Portrait of Gilbert Motier, the Marquis De La Fayette, as a Lieutenant General, 1791.
Joseph Désiré Court/Wikimedia Commons
origin story / memory

Why Has America Named So Many Places After a French Nobleman?

The Marquis de Lafayette's name graces more city parks and streets than perhaps any other foreigner

Thousands of French soldiers and sailors fought and died in the American Revolution, so why is Lafayette the first French name on every American tongue? His high rank and great wealth certainly had something to do with it: Lafayette was living, breathing evidence that the old European order had faith in a young country on the other side of the Atlantic. More important, though, might have been his earnest enthusiasm for the American cause and his unflagging determination to contribute to its success.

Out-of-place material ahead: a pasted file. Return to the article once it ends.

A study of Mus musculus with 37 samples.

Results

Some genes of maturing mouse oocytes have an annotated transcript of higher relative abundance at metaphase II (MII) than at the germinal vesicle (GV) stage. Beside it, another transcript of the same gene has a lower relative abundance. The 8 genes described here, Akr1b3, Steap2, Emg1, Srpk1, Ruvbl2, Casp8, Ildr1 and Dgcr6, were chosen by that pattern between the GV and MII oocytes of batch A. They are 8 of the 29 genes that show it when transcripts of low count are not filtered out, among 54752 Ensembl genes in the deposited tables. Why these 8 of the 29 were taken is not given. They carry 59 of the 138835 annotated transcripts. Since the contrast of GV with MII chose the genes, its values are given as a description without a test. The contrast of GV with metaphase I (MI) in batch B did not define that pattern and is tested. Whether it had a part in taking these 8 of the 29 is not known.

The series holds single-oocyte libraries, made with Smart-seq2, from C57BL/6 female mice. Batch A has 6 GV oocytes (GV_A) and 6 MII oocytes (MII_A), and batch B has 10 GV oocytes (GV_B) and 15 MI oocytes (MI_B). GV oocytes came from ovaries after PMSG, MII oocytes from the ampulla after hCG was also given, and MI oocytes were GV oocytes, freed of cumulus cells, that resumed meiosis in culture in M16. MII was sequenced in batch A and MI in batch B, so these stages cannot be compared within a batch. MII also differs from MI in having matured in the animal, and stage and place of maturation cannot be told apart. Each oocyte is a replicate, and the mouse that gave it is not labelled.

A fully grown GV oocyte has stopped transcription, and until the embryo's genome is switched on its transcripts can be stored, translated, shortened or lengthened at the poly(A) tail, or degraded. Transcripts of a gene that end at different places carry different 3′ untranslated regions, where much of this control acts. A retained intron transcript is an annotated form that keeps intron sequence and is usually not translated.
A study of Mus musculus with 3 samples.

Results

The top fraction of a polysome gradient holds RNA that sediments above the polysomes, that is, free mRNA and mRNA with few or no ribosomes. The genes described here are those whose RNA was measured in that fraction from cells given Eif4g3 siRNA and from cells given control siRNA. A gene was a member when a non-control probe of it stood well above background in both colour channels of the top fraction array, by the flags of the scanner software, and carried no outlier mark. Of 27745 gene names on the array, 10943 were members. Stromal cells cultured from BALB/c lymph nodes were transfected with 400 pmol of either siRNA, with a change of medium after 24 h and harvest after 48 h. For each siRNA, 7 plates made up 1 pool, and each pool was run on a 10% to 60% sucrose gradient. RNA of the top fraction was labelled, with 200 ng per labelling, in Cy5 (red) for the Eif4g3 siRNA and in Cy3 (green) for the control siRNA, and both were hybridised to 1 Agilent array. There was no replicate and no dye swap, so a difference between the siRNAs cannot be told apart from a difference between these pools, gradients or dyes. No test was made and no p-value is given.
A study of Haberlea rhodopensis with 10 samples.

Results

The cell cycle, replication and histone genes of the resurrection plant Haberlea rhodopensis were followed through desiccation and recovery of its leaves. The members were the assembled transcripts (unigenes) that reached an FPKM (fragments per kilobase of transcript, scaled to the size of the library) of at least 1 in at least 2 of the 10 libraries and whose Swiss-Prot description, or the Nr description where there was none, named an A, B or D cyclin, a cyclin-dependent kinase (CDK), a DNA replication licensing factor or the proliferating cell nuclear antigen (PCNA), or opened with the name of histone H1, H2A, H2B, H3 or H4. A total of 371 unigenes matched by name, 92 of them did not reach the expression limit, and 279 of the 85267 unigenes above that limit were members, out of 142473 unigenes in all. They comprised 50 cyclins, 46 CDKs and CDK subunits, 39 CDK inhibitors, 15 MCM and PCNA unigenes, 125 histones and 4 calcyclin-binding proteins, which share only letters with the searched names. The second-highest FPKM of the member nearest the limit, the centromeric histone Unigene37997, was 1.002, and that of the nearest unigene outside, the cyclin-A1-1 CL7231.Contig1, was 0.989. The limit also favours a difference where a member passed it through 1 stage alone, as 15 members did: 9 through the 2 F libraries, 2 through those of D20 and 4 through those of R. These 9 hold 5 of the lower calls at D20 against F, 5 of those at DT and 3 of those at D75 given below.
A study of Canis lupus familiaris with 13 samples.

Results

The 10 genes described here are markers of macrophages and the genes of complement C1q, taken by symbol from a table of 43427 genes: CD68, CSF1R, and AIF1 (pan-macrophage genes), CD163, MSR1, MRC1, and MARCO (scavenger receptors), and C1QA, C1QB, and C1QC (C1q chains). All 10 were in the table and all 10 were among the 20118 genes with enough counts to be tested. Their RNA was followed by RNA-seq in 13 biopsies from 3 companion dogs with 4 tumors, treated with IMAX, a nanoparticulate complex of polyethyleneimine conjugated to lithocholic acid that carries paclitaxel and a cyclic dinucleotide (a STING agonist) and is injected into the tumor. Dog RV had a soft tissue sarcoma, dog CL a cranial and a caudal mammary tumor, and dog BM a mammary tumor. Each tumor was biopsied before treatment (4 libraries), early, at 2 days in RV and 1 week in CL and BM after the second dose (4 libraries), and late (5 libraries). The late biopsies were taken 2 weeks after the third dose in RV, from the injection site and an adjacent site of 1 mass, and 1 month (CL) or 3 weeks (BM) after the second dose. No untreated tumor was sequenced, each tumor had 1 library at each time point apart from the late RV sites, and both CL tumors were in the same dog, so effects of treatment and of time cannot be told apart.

It all started on June 13, 1777, when the 19-year-old Lafayette reached North Island, South Carolina with some 20 officers and servants on a ship he had optimistically christened the Victoire—Victory. Lafayette had never seen a day of battlefield action and knew no English before he set sail, but he came filled with a burning desire to help 13 American colonies wrest their freedom from Great Britain, France’s age-old enemy.

Explaining his actions in a shipboard letter to the wife he had left in Paris, Lafayette described himself as a “defender of this freedom which I venerate” and insisted that “the happiness of America is closely tied to that of humanity.” More practical motivations had also influenced his thinking. Hailing from a line of men who fought and died for their country, Lafayette had dreamed of martial glory since childhood. But the French army quashed his hopes in 1776 when a wave of reforms removed from active duty hundreds of young officers who, like Lafayette, had risen through the ranks thanks to money and connections. Fighting under George Washington in the Continental Army represented a second chance.